On Tuesday, seven kids of El Paso Locomotive’s USL Academy Team had the opportunity and experience of a lifetime. They joined El Paso Locomotive FC at Gillette Stadium in Foxborough – just 30 minutes South of Boston, Massachusetts – for a preseason friendly scrimmage against one of the most dominant forces in Major League Soccer.
In 2021, New England Revolution set records. The Northeastern club is the reigning MLS Supporter’s Shield winners, having amassed 73 points last season – an MLS single-season best record. Coached by the renowned Bruce Arena, their roster boasts the likes of current United States Men’s National Team midfielder Sebastian Lletget and USMNT legend Jozy Altidore.
The Revs have a world-class level of talent and it’s a talent that seven local kids from El Paso and the Borderland region got to witness firsthand with quality minutes on the pitch.
From the Locomotive USL Academy Team, Noe Coutino, Joel Maldonado, Jaime Villagomez, Venny Calderon, Raul Vazquez, Julian Maud and Arath Uvina made the trip to the Northeast.
For these seven players, it was a dream come true. It may have been a preseason match but they were playing against one of the best teams in the United States, on a pristine field, in a stadium that is capable of sitting 66,000 people. It’s an experience that they will remember for a lifetime.
“I remember thinking it was unbelievable. I thought it was a dream,” said Jaime Villagomez. “I didn’t think it was real life because I never imagined playing a stadium that big or historic.”
The players found out they were traveling with the team to Boston the weekend before they left. As they spent time with their families, players like Raul Vazquez said they were surprised when they got the message that they were on the travel list. Vazquez immediately told his parents and gave his dad a big hug. These parents couldn’t have been prouder of their sons.
First hand, the young Academy hopefuls experienced travel as a professional team. They were taken aback by how professional it was and how well they were taken care of. For Venny Calderon, it was his first time traveling by plane and for many of them, it was their first time taking a trip to Boston.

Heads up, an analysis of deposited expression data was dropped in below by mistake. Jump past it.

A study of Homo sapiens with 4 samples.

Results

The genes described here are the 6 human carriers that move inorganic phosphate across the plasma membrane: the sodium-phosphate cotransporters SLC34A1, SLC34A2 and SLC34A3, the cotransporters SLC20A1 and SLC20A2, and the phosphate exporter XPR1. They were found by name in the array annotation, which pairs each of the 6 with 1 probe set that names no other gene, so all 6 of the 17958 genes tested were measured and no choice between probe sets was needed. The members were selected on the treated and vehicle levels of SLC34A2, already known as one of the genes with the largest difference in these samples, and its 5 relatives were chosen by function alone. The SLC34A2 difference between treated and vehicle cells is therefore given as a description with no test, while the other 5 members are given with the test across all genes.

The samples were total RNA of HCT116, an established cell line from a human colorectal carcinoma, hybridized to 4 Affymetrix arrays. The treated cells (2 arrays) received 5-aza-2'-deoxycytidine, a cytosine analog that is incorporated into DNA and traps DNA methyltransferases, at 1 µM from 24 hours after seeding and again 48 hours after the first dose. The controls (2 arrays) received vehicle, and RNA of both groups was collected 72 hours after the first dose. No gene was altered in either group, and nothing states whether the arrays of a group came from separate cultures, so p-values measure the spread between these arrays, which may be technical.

As the team first entered Gillette Stadium – Home of New England Revolution and the New England Patriots – the young Academy players were taken back by the sheer size. Awestruck by the three-tiered bowl surrounding the state-of-the-art artificial FieldTurf, reality was beginning to sink in of the game they were about to play.
“None of us have been to a stage that size,” continued Villagomez. “Sharing it with the other Academy players is an incredible feeling. We kept talking about how good the field was.”
“It was a beautiful experience,” said Noe Coutino. “It was completely different from anything I’ve done before. Something you didn’t think as a little kid you were going to do – play a Gillette Stadium. It was really nice.”
All seven players started the match on the bench, but shortly after the 75th minute began taking the field in force as substitutions. By the 85th minute, the seven players from the Locomotive USL Academy Team made up the majority of the field for El Paso. From there, they went toe-to-toe with the best in North American soccer.
“It was tough,” said Vazquez. “You see some of them were on the United States National Team and you think ‘oh wow. Let’s hope they don’t humiliate me.’ You start getting to play with them and it’s tough but it’s very competitive.”
“I never would have thought I’d be playing against those kinds of players,” said Villagomez. “That was pretty cool.”
By the time the Academy players began entering the field, players like Jozy Altidore and Sebastian Llegtet were already playing their best on the pitch. New England Revolution had found four goals to counter the first Locomotive goal in the first half. However, as the Academy kids started taking the pitch, the scoring had stopped altogether.
As the seven entered the field, they had nerves and butterflies in their stomach, but the moment they took to the pitch it all went away. Suddenly, they were back to playing any game of soccer. They stepped up and played competitively against the best Major League Soccer had to offer.
While they were on the field, the Revs were unable to add to their scoreline.
The Locomotive USL Academy players had an opportunity of a lifetime, one they wouldn’t be able to find without leaving the Borderland for a city that boasts an MLS club such as Austin, Houston, Dallas, or Salt Lake City. It was an experience where they were able to learn a lot from the heightened competition and reignite that spark and love for the beautiful game.
“This helps me tremendously,” concluded Vazquez. “I get an advantage over kids my age that are maybe not training like this. IT gives me a lot of hope for the future. Now it’s just getting better.”
These seven players saw firsthand the level of play that MLS has to offer. Each of them are more motivated to improve their own game and step-by-step will push themselves to take their next steps in their professional soccer careers.
“You just have to keep working to match their level,” said Villagomez. “It makes me want to push myself by comparing myself to them. How can I be as good – or even better – than them?”